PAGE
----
Saturday, September 20, 2008

Oh, It Amazes Me

I had a lovely, lovely week seeing my lovely, lovely friends and family in Los Angeles. As I was leaving the aeroport with my suitcase, it occurred to me that it would be very, very easy for someone to just walk in from the arrivals area, pick up a suitcase—say, mine—before I saw it, leave with said suitcase, and there's nothing that the aeroport staff, myself, or really anyone could do. I have, however, never once heard of this happening. I'm sure it has a couple of times, but I've spent a calculable percentage of my life in planes and the resulting aeroports, and I've never even heard such a story.

About a month and a half ago I took a train to Boston. It occurred to me then that it would be very easy for pretty much anyone to set up a bomb on a train, or bring a gun onto a train and hold every passenger up. I have heard of only two train bombings in my lifetime, and while I wish in no way to minimize the suffering of those who endured them, via personal experience or simply in their city, it's kind of stunning that, in the dangerous world I have long been taught exists, this hasn't happened on a fairly constant basis.

I don't think the world really is like we (at least, I) have been taught to think it is.

I know that many, from Lenore at Free-Range Kids to Barry Glassner, have considered this idea long before myself, and I don't really intend to treat it in-depth now. But I have been thinking lately about how foolish a credo is "never talk to strangers," how many errors we make in teaching that to children. "Don't go anywhere with a stranger" is perfectly reasonable, but if the flower girl at the wedding is asked a question by one of the bridesmaids at the wedding and feels the need to turn around and say, "Mommy, can I talk to her?" before answering, how can she possibly ask for help in a(n extremely statistically rare) dangerous situation? I don't like that we're building a culture (not to mention several elections) out of a lack of trust in the world. I've never loved a murder victim or a murderer, have never personally been a victim of, or even threatened with, serious physical and/or sexual violence, have rarely (to my knowledge) been in the presence of a loaded gun, have been robbed only twice in my life. In other words, I do understand that it's easy for me to say. But I would prefer to live in the world where I completely trust my beloved acroyogi friend to fly me and each of my family members and friends in turn, never wavering for a second in her strength, focus or joy. I would rather live in the world where the two days I spent hiking with two college friends, hearkening back to the days we spent hiking five years ago in South Africa except that we're all much more complex, compelling people now and have a much deeper history to our friendship, are fuckin' well worth twisting my ankle for.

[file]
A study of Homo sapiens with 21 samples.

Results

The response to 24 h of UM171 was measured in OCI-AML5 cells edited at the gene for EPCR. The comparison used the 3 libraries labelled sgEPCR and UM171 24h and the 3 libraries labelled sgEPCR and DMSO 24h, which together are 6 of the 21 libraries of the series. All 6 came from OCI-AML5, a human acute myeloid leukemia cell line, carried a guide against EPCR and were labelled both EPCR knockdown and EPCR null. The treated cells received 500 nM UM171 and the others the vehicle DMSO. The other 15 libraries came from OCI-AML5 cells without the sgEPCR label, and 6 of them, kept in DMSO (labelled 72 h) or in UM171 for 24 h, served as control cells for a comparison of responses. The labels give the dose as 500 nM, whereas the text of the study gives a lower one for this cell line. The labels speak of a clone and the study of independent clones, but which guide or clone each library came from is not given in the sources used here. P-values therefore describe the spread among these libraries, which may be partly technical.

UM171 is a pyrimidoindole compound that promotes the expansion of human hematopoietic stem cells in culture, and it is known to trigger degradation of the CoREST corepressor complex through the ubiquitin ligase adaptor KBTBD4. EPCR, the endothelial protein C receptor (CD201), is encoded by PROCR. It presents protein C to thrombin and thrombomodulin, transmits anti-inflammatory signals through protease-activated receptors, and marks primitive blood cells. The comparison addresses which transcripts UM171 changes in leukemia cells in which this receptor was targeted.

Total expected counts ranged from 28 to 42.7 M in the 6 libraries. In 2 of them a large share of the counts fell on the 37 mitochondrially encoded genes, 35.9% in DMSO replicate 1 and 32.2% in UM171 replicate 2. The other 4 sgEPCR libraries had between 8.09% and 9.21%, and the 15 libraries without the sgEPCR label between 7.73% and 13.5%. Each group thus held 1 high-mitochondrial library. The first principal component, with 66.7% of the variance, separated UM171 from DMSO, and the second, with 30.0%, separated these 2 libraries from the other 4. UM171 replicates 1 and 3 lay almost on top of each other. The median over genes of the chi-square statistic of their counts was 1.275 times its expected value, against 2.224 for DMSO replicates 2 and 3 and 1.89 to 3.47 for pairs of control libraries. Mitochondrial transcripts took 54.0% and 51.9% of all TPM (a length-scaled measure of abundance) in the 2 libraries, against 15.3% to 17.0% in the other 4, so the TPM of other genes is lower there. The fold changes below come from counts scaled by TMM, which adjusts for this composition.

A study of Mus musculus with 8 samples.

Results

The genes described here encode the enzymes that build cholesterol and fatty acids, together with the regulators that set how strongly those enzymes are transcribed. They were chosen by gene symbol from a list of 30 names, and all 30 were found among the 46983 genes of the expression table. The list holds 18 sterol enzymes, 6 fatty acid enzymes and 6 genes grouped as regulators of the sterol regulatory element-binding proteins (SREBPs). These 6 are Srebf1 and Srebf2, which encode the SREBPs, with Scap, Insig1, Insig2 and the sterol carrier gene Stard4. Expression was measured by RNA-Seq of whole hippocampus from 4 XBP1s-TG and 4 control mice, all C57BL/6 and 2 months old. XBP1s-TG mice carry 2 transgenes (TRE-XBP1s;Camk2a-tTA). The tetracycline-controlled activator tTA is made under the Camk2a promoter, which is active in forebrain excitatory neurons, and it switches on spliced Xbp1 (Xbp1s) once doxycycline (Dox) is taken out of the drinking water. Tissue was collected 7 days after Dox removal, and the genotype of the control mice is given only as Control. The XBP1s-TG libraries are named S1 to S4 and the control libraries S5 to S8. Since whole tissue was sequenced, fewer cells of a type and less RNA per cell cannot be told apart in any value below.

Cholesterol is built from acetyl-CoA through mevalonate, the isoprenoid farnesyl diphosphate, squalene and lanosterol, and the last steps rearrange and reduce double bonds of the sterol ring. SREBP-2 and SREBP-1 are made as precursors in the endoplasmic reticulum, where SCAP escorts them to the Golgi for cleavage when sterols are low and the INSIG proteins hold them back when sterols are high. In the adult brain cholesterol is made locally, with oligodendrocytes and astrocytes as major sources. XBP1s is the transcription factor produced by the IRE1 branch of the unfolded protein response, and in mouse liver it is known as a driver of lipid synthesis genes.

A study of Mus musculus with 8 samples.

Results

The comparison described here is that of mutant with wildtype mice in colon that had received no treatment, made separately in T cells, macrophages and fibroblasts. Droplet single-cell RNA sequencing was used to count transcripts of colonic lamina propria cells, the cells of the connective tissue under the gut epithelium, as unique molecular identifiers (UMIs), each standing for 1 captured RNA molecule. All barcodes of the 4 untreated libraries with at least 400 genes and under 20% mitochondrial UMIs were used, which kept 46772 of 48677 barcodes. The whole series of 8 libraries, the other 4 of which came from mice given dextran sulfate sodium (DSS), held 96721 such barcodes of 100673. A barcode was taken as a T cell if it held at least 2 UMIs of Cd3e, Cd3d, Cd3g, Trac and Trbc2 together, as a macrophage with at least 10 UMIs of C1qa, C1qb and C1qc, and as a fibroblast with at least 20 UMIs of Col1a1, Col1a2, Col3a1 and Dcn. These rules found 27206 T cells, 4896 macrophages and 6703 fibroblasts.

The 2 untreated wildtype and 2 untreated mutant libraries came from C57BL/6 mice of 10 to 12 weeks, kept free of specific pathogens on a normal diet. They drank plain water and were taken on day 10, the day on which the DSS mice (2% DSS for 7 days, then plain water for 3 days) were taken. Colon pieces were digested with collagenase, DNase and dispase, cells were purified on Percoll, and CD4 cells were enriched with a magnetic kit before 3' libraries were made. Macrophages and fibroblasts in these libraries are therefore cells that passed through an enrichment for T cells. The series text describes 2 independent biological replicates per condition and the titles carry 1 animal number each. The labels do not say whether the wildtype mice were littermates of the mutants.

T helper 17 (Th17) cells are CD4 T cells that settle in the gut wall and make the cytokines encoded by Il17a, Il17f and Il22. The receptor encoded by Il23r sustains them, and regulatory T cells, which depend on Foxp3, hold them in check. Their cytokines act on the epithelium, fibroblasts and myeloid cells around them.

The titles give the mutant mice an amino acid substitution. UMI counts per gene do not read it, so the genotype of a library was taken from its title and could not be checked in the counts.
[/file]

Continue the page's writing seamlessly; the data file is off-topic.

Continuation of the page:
There are horrible things in the world. I have no interest in denying that. There are also glorious, transcendent things and simply fascinating things. If we among the privileged (generally the folks reading blogs, certainly mine) could find it in ourselves to structure our lives more around the glorious, transcendent things and the fascinating things than the horrible things, even while acknowledging that all are present, I think it would have an impact on what the world is, and how it works. Beyond some vague definitions of karma, I don't know how yet, but I intend to keep thinking about it, and either way I am confident that it's true. Not to make this a campaign post, because it really isn't, but HOPE is not too shabby a message. Or promise.

In fact, I kind of feel like making that promise now. I promise to hope. There will be several incredibly politically negative posts forthcoming in the next six weeks. What with the near-constant barrage of news, there will be near-constant anxieties and frustrations and confusions and tons of unforeseen personal crises in my life and, by extension, the lives of my loved ones. That's how we roll. But I promise to hope, because I want to. That's the way I'd rather live my life; in fact, I think it's the only way I can, sustainably and completely, live my life.

1 Comments:

At 12:50 AM, Blogger Lawrence said...

if we really do believe that old saw that "kids live to maximize reward... adults to minimize risk"... then this is a bulwark against that torrent of growing up. congratulations.